Homelessness: San Francisco’s newest heist

Homelessness has long been an issue San Francisco has ignored in favor of well-funded “solutions” that inevitably fade into nothing but good intentions paving a road to Hell for the homeless people they’re allegedly created to help. As the San Francisco Chronicle leads a second round of mass exploitation of homeless people disguised as crusading journalism, the city’s new Department of Homelessness uses tech-funded nonprofits to ensure millions flow into everyone’s pockets except those who actually need it.

After a first round of mass exploitation in June, the Chronicle returned for a second round this week. Teamed with a legion of nonprofits and MSM, the Chronicle continues its tradition of pathologizing and dehumanizing homeless people. Instead of providing material aid to homeless people, the Chronicle tracks them like wildlife for nine months, their daily pain and struggle boiled down to nothing more than coordinates on a map and a prognosis of “little change seen” at the end of those nine months. “Little change seen” because the Chronicle spends most of its time endorsing politicians and policies unfriendly at best to homeless people, and publishing columnists like C.W. Nevius who are openly hostile to them. What change does the Chronicle expect when it spends its thwarting any such possibilty?

Another partner in the heisting of homeless people in San Francisco is the ever-metastasizing Department of Homelessness and Supportive Housing. Since its inception this summer, the department focused on erasing tech’s role in eviction, displacement and the growing population of homeless people in San Francisco. When Department of Homelessness Director Jeff Kositsky participated in a Reddit AMA in late September, he was asked his opinion of tech’s violent gentrification in neighborhoods such as SOMA and the Tenderloin. His answer:

I do not believe any particular sector can be blamed for homelessness. The federal government stopped investing in affordable housing in any meaningful way in 1978. There are also some perverse incentives in the way our real estate market works. However, there is lots of wealth and talent in the tech sector and they can play a part in the solutions – and many do. Shout out to Google, Salesforce, Twitter, Zendesk, Dolby, Adobe, AppDynamics and so many others that I have not mentioned (sorry to those I forgot).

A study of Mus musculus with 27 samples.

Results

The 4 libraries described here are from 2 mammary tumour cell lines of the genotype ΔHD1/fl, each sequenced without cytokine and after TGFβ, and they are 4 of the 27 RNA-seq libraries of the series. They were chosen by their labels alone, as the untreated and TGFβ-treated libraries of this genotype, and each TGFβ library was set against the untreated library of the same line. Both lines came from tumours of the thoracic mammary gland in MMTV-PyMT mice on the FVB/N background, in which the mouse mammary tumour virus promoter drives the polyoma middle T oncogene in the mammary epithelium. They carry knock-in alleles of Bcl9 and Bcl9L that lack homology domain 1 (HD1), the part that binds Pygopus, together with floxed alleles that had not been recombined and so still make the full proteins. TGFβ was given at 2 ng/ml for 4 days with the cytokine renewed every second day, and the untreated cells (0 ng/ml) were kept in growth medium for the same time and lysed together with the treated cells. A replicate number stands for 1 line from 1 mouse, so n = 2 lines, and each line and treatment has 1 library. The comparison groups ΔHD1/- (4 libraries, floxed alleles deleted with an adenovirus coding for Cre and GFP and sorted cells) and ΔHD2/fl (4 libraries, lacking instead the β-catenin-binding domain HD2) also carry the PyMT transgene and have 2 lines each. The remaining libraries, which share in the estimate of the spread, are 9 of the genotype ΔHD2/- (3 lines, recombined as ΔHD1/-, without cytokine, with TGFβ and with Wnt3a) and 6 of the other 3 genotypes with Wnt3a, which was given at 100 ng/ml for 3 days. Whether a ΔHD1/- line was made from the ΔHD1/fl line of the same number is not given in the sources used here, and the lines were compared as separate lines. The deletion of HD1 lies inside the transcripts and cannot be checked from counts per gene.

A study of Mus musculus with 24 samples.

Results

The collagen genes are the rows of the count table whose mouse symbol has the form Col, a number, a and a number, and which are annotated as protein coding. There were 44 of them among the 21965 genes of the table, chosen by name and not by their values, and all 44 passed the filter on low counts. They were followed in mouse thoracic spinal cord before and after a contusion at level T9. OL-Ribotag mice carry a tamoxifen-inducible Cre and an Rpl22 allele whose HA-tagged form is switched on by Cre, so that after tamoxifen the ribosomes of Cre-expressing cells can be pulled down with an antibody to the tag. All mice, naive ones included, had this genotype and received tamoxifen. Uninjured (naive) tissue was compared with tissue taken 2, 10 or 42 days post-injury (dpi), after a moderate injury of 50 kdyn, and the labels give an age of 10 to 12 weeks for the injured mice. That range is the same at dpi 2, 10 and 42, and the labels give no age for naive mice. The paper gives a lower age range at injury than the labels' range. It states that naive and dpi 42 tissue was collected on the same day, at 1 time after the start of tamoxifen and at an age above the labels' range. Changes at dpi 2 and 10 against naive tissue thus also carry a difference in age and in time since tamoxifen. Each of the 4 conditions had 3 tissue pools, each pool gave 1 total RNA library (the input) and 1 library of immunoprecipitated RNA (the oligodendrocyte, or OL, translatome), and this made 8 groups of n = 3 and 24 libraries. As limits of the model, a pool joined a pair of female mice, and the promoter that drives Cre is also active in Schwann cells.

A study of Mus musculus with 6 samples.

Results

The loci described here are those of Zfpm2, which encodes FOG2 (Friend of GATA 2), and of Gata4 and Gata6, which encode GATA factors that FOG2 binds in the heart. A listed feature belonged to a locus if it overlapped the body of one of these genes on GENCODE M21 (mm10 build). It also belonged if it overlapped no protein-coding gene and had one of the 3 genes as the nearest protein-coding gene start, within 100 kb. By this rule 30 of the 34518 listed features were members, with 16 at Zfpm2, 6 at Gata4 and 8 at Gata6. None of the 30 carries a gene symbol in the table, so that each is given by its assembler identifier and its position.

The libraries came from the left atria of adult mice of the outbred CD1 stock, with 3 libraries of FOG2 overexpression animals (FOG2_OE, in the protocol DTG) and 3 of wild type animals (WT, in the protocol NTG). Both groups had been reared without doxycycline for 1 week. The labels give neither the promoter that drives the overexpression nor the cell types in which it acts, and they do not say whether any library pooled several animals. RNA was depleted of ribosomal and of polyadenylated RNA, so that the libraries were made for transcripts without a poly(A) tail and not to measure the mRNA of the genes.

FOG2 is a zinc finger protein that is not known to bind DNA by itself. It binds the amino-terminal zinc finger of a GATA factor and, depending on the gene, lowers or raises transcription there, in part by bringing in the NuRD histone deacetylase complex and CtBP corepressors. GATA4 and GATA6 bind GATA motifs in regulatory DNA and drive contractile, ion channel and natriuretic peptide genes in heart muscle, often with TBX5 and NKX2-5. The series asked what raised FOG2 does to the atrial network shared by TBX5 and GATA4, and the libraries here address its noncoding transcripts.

Up is down, left is right. The very tech companies responsible for rising rents and evictions are now hailed as saviors. Kositsky is very comfortable with tech CEOs and investors such as Marc Benioff and Ron Conway, ensuring tech will continue to leverage homeless people for its own benefit; treating them as cattle and lab rats instead of human beings. The department’s strategy for engaging encampments is more gaslighting and manipulation than honest discourse:

What we decided to do, rather than running around playing whack-a-mole, is we’ll use this list that we have, a survey by DPW (the Department of Public Works), sorted by the biggest encampments. They rank them [by how dangerous they are], based on subjective measurements, but better than nothing.

There are usually informal leaders in encampments. We identify who those are, set up a community meeting, get a very good turnout, we do it right out on the street. We explain to people that we’re here because the neighbors are worried about the people living in the tents, it’s not healthy or safe for them, and that they’re the affecting quality of life in the neighborhood and we really need to resolve this encampment.

Instead of “playing whack-a-mole,” they make up a list, arbitrarily rank people based on how “dangerous” they are, designate an encampment leader (most likely to collaborate), explain how they’re making privileged people feel nervous and then forcibly remove anyone who won’t leave willingly. All for their own good, of course.

While tech provides limitless funding, the actual labor will be provided by a seemingly infinite list of nonprofits, the finest the NPIC has to offer. None of these nonprofits are currently more centered than Project Homeless Connect, a virtual dumping ground for San Francisco’s past failures to help homeless people. Kara Zordel, Executive Director of Project Homeless Connect, is every bit the tech apologist as Kositsky:

“In the city, some people think that [tech companies are] the ones that have displaced people,” she says of technology companies. “But they don’t see the amount of volunteers and donations we’ve received [from the tech sector].”

Zordel is likely so supportive of tech because they’re so supportive of her org’s galas and daily operations. Project Homeless Connect’s tech-funded Breakfast Gala honors former San Francisco Mayor Gavin Newsom and current Department of Homelessness Deputy Director of Programs Joyce Crum, who was key in the development of Newsom’s disastrous Care Not Cash program. Like the rest of the NPIC, Project Homeless Connect does not exist to help homeless people; it exists to monetize them and prolong their misery as long as possible to advance careers and build fortunes. And keep donations flowing.